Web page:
In the last century, a movement has appeared calling for the abandonment of the traditional schools of law [madhahib]. This misleading call, which scholars have termed Al-La Madhhabiyya, was presented as ‘following the Quran and the Sunna’ and caused much confusion amongst ordinary muslims. One of the sources for the spread of this innovation was a book written by Muhammad Sultan al-Ma'sumi al-Khajnadi al-Makki, which was translated and distributed to English and published as as ‘Should a Muslim Follow a Particular Madhhab?’ and ‘The Blind Following of Madhhabs’.
It was in response to this book, taught and revered by prominent opponents of the schools of law, that Shaykh al-Buti first wrote his ground breaking work. Later editions of this work, the translation of which we have before us, included the aftermath of various debates Shaykh al-Buti was subsequently challenged to by his opponents and also incorporated counter-replies to the likes of Shaykh Nasir al-Din al-Albani, Muhammad ‘Id `Abbasi, Mahmud Mahdi al-Istanbuli and Khayr al-Din Wanli.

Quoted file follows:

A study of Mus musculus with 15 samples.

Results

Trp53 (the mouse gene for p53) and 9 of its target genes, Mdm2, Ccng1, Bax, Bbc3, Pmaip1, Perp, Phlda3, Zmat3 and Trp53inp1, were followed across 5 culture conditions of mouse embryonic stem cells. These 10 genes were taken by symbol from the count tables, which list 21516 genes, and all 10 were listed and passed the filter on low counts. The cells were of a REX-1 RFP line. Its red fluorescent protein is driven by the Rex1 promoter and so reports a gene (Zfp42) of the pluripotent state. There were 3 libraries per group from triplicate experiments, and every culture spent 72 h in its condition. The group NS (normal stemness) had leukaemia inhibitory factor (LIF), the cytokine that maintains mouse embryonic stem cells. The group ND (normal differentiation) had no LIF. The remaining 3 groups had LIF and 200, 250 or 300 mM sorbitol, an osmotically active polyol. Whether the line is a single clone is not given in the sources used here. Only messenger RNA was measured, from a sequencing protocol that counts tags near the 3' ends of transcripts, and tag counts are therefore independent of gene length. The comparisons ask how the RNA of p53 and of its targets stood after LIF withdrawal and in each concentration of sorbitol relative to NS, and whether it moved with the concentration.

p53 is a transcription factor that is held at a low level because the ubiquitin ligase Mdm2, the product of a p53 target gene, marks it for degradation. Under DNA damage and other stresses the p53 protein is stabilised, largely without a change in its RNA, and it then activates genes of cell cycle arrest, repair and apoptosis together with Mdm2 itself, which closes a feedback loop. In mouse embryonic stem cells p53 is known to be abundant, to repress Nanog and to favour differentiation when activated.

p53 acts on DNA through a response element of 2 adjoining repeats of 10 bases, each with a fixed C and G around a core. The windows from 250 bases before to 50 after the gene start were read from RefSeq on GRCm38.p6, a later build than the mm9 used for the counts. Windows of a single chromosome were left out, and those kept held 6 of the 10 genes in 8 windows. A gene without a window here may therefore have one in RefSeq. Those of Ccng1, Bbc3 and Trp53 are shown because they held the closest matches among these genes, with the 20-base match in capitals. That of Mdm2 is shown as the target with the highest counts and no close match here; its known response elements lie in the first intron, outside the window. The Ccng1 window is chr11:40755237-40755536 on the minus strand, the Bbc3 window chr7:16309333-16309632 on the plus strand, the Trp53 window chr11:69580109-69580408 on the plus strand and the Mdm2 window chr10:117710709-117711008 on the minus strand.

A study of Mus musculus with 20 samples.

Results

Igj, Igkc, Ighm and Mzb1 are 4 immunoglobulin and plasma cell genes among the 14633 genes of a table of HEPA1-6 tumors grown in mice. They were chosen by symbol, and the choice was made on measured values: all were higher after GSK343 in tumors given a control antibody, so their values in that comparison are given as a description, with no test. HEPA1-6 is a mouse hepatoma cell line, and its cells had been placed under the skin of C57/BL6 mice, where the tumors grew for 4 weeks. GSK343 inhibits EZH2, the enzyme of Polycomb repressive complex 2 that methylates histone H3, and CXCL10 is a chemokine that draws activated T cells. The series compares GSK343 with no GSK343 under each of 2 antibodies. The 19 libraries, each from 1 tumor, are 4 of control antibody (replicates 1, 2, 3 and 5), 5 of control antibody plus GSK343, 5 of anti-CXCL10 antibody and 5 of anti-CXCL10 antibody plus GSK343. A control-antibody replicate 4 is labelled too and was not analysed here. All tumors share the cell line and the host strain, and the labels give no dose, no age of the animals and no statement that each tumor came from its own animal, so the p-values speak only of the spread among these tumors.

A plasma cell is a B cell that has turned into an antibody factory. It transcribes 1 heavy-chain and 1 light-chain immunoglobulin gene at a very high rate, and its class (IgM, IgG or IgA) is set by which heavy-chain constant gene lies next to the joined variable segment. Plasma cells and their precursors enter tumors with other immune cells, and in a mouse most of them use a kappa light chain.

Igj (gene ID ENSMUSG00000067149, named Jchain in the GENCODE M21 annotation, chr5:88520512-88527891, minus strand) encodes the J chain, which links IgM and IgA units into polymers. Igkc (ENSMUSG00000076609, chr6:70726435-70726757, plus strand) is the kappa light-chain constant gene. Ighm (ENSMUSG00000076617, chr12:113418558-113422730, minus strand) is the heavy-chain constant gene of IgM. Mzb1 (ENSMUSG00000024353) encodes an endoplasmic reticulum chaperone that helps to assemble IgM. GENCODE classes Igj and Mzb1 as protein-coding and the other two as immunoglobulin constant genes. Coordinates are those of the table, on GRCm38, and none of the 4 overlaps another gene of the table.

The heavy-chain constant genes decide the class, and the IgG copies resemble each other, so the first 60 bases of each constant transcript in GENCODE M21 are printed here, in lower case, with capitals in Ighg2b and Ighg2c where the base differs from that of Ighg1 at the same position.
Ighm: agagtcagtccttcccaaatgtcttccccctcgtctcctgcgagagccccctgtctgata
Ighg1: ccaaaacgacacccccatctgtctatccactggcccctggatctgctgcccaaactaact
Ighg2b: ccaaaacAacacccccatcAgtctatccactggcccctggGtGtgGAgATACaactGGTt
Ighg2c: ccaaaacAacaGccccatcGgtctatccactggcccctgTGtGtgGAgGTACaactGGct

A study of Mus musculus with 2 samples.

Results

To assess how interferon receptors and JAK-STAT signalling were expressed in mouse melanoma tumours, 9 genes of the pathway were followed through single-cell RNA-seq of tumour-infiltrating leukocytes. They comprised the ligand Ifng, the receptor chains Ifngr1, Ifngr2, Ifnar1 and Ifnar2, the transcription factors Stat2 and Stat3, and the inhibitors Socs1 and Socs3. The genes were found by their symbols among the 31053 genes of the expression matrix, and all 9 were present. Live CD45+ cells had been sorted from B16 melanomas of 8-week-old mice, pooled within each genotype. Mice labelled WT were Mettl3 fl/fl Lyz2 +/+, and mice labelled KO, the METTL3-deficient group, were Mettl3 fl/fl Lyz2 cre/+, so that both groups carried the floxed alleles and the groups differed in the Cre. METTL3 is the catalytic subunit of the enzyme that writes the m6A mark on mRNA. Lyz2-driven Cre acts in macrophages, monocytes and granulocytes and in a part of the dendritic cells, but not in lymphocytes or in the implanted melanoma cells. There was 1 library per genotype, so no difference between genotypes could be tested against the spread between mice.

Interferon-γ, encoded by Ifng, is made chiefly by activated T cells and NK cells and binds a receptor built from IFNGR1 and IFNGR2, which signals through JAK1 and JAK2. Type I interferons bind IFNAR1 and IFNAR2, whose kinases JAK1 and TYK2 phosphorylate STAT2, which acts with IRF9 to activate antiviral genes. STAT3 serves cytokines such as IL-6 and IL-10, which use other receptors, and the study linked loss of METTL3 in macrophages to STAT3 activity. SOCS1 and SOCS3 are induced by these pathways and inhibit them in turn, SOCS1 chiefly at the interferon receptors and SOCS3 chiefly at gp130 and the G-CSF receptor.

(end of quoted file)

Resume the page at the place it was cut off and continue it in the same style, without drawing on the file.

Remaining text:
This book is a decisive refutation of those who call to the misguidance of abandoning the schools of law, for it is the most dangerous innovation threatening the Sacred Law.
About The Author
Born in 1929 in the village of Jilka in the Turkish boundaries, north of Iraq and immigrated to Damascus.
Completed his legal secondary study in the Institute of Islamic Guidance in Damascus, and joined the faculty of religion at Al-Azhar University.
Appointed as dean in the faculty of religion at Damascus University in 1960, and deputed to Al-Azhar University to attain doctorate in the roots of the Islamic law.
Appointed as instructor in the college of law of Damascus University in 1965, as a deputy of the college later on and as its dean in the end.
Participated, in many global conferences and symposia, and is, in addition, a member in the royal society of the Islamic Civilization Researches in Amman, and member in the higher board of Oxford academy.